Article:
Brad Dalgarno:


As told to: Dave Bidini

Ihad no idea what it was going to be like when I got to the NHL. Coming to the Islanders, certain people had the perception that I was going to be Clark Gillies, Bob Nystrom and Butch Goring all rolled into one. But I wasn’t a great fighter, and once I became aware that that was how they envisioned my role, I got stressed out and developed ulcers. The team’s expectations were completely unreasonable. I wanted to play hard checking hockey, but I didn’t see myself as a fighter, and the friction between what they wanted and what I wanted paralyzed me. I got hung up on it. There were two ways I could have responded to this — roll up and become a possum devoid of emotion, or attack the situation and become the bear. But I’d never been the bear before. I’d only ever played devoid of emotion.

“Shit. Okay, this is going to be interesting.”

One night against Detroit in Long Island, I took a boarding penalty. It wasn’t a particularly dirty hit; at least I didn’t think it was. But from the minute I sat down in the penalty box, Joey Kocur kept his eyes on me. Even though his team was on the power play, he wouldn’t go deeper than the blueline in either end. He basically skated between the two bluelines. He looked at me and said, “You’re fucking dead,” over and over again. I was sitting in the box thinking, “Shit. Okay, this is going to be interesting.” I was getting more tense by the second, until I considered, “Well, he can’t fight me unless I fight him. I’m just not going to encourage it.” I came out of the box convinced of this plan, but because Al Arbour wanted to prove a point– and because Detroit’s coach wanted my head– I kept being put out against Kocur. I avoided the situation at all costs, skating away, skating away. Finally, it got to the point where the linesman dropping the puck looked at me and said: “Are you going to get this over with?” The fans wanted it, the coaches and refs wanted it. Everyone wanted it except me.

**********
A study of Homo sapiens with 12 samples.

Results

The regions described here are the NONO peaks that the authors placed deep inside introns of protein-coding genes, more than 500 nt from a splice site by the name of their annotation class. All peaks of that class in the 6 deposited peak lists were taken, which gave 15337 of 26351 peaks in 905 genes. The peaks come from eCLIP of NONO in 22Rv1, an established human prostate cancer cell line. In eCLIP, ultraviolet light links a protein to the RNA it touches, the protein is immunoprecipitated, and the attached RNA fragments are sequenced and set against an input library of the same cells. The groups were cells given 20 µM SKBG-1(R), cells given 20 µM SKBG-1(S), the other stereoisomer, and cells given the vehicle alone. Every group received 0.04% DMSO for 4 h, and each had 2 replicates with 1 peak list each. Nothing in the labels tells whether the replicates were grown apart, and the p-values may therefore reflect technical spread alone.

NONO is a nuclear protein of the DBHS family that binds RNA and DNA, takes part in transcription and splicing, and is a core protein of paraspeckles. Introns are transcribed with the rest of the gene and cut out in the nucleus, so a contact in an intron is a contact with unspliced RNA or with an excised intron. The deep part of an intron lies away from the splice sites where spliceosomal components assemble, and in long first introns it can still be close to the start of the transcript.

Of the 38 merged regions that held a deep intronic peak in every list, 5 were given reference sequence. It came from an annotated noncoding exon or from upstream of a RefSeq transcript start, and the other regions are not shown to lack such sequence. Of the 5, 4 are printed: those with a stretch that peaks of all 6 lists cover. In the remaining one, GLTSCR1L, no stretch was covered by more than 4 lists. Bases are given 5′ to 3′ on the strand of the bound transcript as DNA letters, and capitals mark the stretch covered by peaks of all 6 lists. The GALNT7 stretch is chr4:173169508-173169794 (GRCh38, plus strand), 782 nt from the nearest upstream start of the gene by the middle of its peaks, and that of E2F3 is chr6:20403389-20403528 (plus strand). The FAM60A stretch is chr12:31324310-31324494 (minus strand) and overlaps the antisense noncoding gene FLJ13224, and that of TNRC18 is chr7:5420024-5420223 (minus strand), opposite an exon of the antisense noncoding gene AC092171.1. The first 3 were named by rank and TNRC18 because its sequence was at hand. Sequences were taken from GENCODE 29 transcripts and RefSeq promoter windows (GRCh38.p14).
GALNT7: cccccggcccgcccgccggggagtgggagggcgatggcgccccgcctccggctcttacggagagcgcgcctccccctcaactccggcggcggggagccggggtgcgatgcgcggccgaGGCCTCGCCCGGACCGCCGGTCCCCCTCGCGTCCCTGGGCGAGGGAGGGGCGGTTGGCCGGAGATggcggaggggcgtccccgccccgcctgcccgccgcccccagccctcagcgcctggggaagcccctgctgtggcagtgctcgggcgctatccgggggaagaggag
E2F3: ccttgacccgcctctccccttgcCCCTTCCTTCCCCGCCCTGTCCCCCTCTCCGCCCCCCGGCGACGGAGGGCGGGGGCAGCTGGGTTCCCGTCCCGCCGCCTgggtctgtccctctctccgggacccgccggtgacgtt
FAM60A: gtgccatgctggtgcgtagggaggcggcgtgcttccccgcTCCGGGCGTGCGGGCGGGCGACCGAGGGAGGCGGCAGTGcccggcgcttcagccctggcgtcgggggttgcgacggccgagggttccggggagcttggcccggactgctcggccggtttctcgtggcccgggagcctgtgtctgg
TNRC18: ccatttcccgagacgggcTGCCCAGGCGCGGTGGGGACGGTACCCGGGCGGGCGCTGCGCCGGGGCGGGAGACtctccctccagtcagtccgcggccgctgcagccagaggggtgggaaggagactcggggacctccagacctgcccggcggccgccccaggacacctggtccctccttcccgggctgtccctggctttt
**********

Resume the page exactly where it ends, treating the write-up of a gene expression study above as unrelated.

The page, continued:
We fought that shift. I was punching him and having what was a fantastic fight for me. I was in there, doing okay. After awhile, we tied each other up, and in any other situation, it would have been over. Instead, the refs just sat there and said: “Keep ‘er going boys.” In the time it took for them to say that– ten seconds– he’d worked his arm free and cracked me once on the temple. I wasn’t even cut, but it broke three bones in my face: the orbit, and both cheekbones. I just collapsed. It felt like an egg had broken in my face. I got off the ice, but because there wasn’t any blood, nobody thought much of it. I got thrown in the back of the team doctor’s car, who dropped me off at Huntington hospital– the worst equipped, but most convenient hospital for him on his way home. Inside, I was forced to fend for myself. The only person even tangentially connected to the team with whom I spoke over the next few days was Tammy Gilbert, Greg Gilbert’s wife, who knew my girlfriend at the time. From that point on, the team didn’t acknowledge me. They facilitated some doctors appointments, but that was it. It took two surgeons to repair my face.